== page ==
Innocence vs guilt in terrorism cases

Shakespeare must have had a lot against lawyers.  It was the great English playwright after all who had a character in Henry IV Part 2 say “the first thing we do, let’s kill all the lawyers’.  There has been a lot of debate over what this quote means – in any event it has stood the test of time.

I do not wish ill on anyone, including lawyers – well perhaps terrorists would be an exception to my sense of mercy – but I do find it odd that some lawyers say some very strange things about their clients who happen to be contesting terrorism charges.  Before I continue, however, let me state that I get it.  I get what defence lawyers are trying to do.  They use all their skills and tactics to cast doubt on the case made by the state/Crown/prosecution and its witnesses in order to convince the judge/jury that the evidence does not meet the threshold to render a guilty verdict.  After  all, in our system of justice everyone is presumed innocent and it is the role of those who lay charges to show, beyond reasonable doubt, that the person on trial did indeed do whatever it is s/he is charged with.  If the prosecution fails to do this it is incumbent on those rendering judgment to go back to first principles: innocent unless proven guilty.  And I think that this is a very good system.

But sometimes I think the average person believes that a verdict of ‘not guilty’ is the exact same as ‘innocent’.  Is it?  Al Capone was never found guilty of racketeering or ordering someone’s murder, but rather of tax evasion, but does that mean he was ‘innocent’ of the previous charges?  Of course not.  The inability of the US to gain a successful guilty finding on the more serious charges was probably linked more to Mr. Capone’s ability to buy off or intimidate witnesses than his ‘innocence’.

All this came to the fore today when I learned that a Universite d’Ottawa professor, Hassan Diab, arrested by the RCMP in 2008 and extradited to France in 2014, may soon be a free man after authorities in France dropped terrorism charges against him for his role in an attack on a Paris synagogue in 1980.  His clearly happy Canadian lawyer has stated that this decision by the French ‘proved his client’s innocence.’

It does nothing of the sort.  Recall that innocence is presumed: it is guilt that must be proven.  I have no idea if Mr. Diab was involved in a terrorist attack almost 40 years ago.  Only he really knows that and he is maintaining he had nothing to do with the incident as he was in Lebanon at the time.

More generally, there are calls for Canada to review its extradition practices given this finding after that same lawyer stated on CBC Radio that the case was always weak and the evidence shoddy.

Here is what I think happened.  French authorities had good reason (reasonable grounds) to go after Mr.Diab in the first place, meaning that in the course of their investigation they discovered information (evidence) linking him to the crime.  The police in France, or any other democracy for that matter, do not have the luxury of targeting random people in their investigations of serious crimes like terrorism.  If Mr. Diab came on the radar it must have been, at least at the time, for legitimate reasons.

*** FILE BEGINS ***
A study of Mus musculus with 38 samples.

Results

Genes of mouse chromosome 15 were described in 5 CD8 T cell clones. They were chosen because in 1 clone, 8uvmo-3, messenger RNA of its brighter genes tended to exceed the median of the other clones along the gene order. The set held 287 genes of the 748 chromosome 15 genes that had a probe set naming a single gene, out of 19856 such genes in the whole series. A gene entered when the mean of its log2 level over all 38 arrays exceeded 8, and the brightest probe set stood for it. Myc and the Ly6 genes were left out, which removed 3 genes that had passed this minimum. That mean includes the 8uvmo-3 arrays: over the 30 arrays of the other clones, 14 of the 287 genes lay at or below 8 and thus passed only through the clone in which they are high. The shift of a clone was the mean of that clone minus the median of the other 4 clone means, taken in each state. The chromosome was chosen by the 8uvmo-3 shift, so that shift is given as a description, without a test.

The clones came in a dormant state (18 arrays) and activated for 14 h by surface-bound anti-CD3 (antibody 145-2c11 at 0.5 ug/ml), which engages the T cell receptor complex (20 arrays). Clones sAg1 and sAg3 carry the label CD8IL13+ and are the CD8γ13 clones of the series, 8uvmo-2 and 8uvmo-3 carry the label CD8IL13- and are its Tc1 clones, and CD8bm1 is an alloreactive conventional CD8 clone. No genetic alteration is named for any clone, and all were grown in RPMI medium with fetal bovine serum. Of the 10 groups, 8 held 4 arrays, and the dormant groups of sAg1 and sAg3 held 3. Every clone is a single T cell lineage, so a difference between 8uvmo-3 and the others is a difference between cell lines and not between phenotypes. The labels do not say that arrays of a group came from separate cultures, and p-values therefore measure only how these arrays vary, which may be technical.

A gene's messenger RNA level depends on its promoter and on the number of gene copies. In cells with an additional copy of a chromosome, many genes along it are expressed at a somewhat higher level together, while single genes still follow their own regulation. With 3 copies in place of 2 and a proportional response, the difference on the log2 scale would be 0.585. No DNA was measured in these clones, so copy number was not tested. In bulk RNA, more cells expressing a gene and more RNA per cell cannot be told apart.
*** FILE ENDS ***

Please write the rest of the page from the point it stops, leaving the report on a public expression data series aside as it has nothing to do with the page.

Given the very long time lag between the attack and the trial several things may have transpired.  Some of those who provided the original evidence may be dead.  Or they may have forgotten key details.  Or they may have lied all along.  Whatever the reasons, French officials have elected, upon further review of what they had, to drop the matter as they felt there was little chance of success.  This has nothing to do with innocence, only the relative merits of their case.

There are parallels in Canada.  After the recent decision to grant three Canadian Arab Muslim men $10 million each for the torture they suffered at the hands of the Syrians and Egyptians, it was frequently claimed that CSIS/the RCMP targeted the men because of their race/religion.  Such a claim is laughable.  They were ‘targeted’ based on reasonable grounds to suspect/believe (CSIS uses the former standard, the RCMP the latter) they posed a threat, not because they were Muslim.  The fact that they were never charged is irrelevant.  Investigations are carried out to determine WHETHER charges are warranted not as a guarantee that they will be.

I understand the satisfaction and relief of Mr. Diab’s legal team.  They must be thrilled that his judicial ordeal appears to be coming to an end.  Their happiness is no excuse, however, for making statements that would not, frankly, hold up in court.  At the end of it all, someone is still at large for an attack that killed four people and wounded dozens.  That bomb did not plant itself.

By Phil Gurski

Phil Gurski is the President and CEO of Borealis Threat and Risk Consulting Ltd. Phil is a 32-year veteran of CSE and CSIS and the author of six books on terrorism.